I’ve only been to Europe once, with my husband Dan and his family in the late ‘80’s. Our time in Switzerland was certainly a memorable experience, until the end, when Dan left a few days before I did and enthusiastically headed off through France, Spain, and into Portugal for several weeks on a missions trip. Left without him, my last night in Switzerland was completely sleepless as I restlessly tossed and turned in terror over the prospect of having to travel alone through a strange country where all the communication was in German, a language I did not understand.
In the early morning hours, I headed fearfully into the unknown– struggling to decifer German signs and symbols that were supposed to direct me from the bus to the train station, to the correct train to Zurich, to the airport, to my flight to Munich, Germany, to the correct transfer of planes to Toronto… where I’d eventually be home free.
My sister-in-law Barb had prayed for me before I left, that God would place His angels along my way, to help me. And to my total amazement, that’s exactly what ended up happening! From the sweet little old German lady who invited me– in very broken English– to join her for breakfast on the dining car, to the university student who checked my pass and nudged me in the right direction when he saw the confustion on my face, I was completely stunned to find myself swallowed up in a most amazing, wonderful experience. “I can’t believe this is really happening!” I remember thinking as I stared out the window of the train, watching the beautiful European countryside go by as I sipped coffee with the sweet German lady in the dining car.
Finally landing at the airport in Toronto, I felt like I had just been on the most incredible ride of my life, and I felt foolishly sheepish to think of how terrified I had been over the “unknown.”
I think that’s what it’s going to be like when we finally get to heaven. Somehow, we tend to fear what’s unknown. We long for heaven itself, but we’re afraid of the journey from here to there– and yet when we finally arrive at that wonderful destination, I wonder if we will sheepishly regret that we’d ever been foolish enough to worry about what God has promised will be absolutely amazing.
The memory of that European travel experience returned to me this past week with vivid acuteness. The past several weeks have been full of grief upon grief, as one after another, several sudden deaths occurred. Already mourning the tragic death of a friend’s brother who fell from the trail they were hiking together two weeks ago, we were shocked to get word that my sister’s husband– my brother-in-law Dave– died very suddenly and quickly of a heart attack last week. Time stood still again, so close to the edge of eternity once more.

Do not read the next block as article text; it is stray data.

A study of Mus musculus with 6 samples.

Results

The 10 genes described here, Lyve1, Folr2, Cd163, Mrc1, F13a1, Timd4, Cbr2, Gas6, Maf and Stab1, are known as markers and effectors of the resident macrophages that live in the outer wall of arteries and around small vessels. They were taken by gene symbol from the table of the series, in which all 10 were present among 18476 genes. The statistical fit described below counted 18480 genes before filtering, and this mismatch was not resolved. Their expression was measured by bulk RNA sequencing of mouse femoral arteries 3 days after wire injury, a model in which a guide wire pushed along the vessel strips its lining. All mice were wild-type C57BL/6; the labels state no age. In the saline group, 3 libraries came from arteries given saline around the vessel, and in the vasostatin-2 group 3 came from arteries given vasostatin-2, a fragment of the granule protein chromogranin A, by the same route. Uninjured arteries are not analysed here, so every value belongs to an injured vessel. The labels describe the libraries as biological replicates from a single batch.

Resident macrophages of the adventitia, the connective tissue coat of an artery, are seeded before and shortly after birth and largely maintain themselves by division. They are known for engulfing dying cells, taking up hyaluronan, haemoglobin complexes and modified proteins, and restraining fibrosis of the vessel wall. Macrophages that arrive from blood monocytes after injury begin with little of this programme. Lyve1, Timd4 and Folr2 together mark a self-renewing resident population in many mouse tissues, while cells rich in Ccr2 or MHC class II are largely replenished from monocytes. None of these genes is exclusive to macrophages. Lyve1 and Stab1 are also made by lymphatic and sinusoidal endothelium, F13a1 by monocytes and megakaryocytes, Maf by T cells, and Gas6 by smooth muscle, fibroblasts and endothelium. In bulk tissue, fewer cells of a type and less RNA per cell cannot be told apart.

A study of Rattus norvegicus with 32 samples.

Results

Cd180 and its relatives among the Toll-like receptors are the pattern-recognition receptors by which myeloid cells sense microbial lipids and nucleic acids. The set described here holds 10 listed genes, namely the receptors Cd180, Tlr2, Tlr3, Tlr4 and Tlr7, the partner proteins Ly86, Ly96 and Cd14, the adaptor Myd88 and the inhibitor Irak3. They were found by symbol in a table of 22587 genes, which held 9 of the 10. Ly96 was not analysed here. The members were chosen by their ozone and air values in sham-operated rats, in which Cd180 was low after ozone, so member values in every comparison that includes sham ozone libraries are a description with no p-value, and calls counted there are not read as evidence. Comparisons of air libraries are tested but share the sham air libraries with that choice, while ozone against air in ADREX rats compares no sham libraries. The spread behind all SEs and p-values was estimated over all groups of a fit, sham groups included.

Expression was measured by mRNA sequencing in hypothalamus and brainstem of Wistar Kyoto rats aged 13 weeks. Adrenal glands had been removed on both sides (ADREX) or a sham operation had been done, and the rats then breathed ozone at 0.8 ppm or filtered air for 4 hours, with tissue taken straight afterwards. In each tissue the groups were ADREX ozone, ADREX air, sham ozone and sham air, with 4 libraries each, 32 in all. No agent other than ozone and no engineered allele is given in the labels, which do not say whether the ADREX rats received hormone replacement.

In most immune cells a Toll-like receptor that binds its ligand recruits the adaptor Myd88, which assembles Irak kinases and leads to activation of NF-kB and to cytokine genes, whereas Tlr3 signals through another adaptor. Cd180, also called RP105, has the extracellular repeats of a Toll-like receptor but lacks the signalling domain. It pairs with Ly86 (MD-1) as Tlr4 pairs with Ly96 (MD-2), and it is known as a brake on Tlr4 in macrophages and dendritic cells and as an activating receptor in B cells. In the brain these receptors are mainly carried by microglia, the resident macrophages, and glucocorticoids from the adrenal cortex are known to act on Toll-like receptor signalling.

During this difficult week, my sister Connie has totally amazed me with the grace and beauty with which she has endured the sudden premature death of her husband. I suspect that the peace she has exuded– even through tears and waves of grief that wash over her periodically– comes from the absolute confidence she has in the peace and beauty of Dave’s journey, as he was ushered by God’s angels into eternal glory in the presence of Jesus Christ. Words from a prayer given this last Sunday when we attended our son and daughter-in-law’s church arrested my attention and became my frequent prayer for Connie this week: “May we bear our burdens with diligence and dignity, secure in Your Providential Love.” Connie has certainly been a testimony of this prayer.
Instead of focusing on the grief of Dave’s sudden death, Connie chose instead to focus on the celebration of his life, and the blessed assurance that Dave’s journey is joyfully completed. Friends and family laughed together, shared memories and funny stories intermixed with tears, and applauded after Dave and Connie’s grandson played his guitar and sang in honor of his Grampa’s memory. Guests were invited to use the Sharpies provided to write farewell notes on the casket, and together everyone sang “Amazing Grace”– because God’s grace truly is amazing.
“Death is swallowed up in victory. Oh death, where is your victory? Oh death, where is your sting?… Thanks be to God, who gives us the victory through our Lord Jesus Christ!” (1 Cor. 15:55, 57)
Dale, another one of my sisters, once told me she expects to arrive disheveled in heaven, her shirt-tail probably hanging out, glasses crooked, and her hair messy as she stands in amazement saying, “Whoa!! That ride was amazing!”
Yes, I think she may be right. Dave, we sure will miss you, brother! You’ve reached your destination. But wait for us on the other side… we’ll be there. At the end of the journey!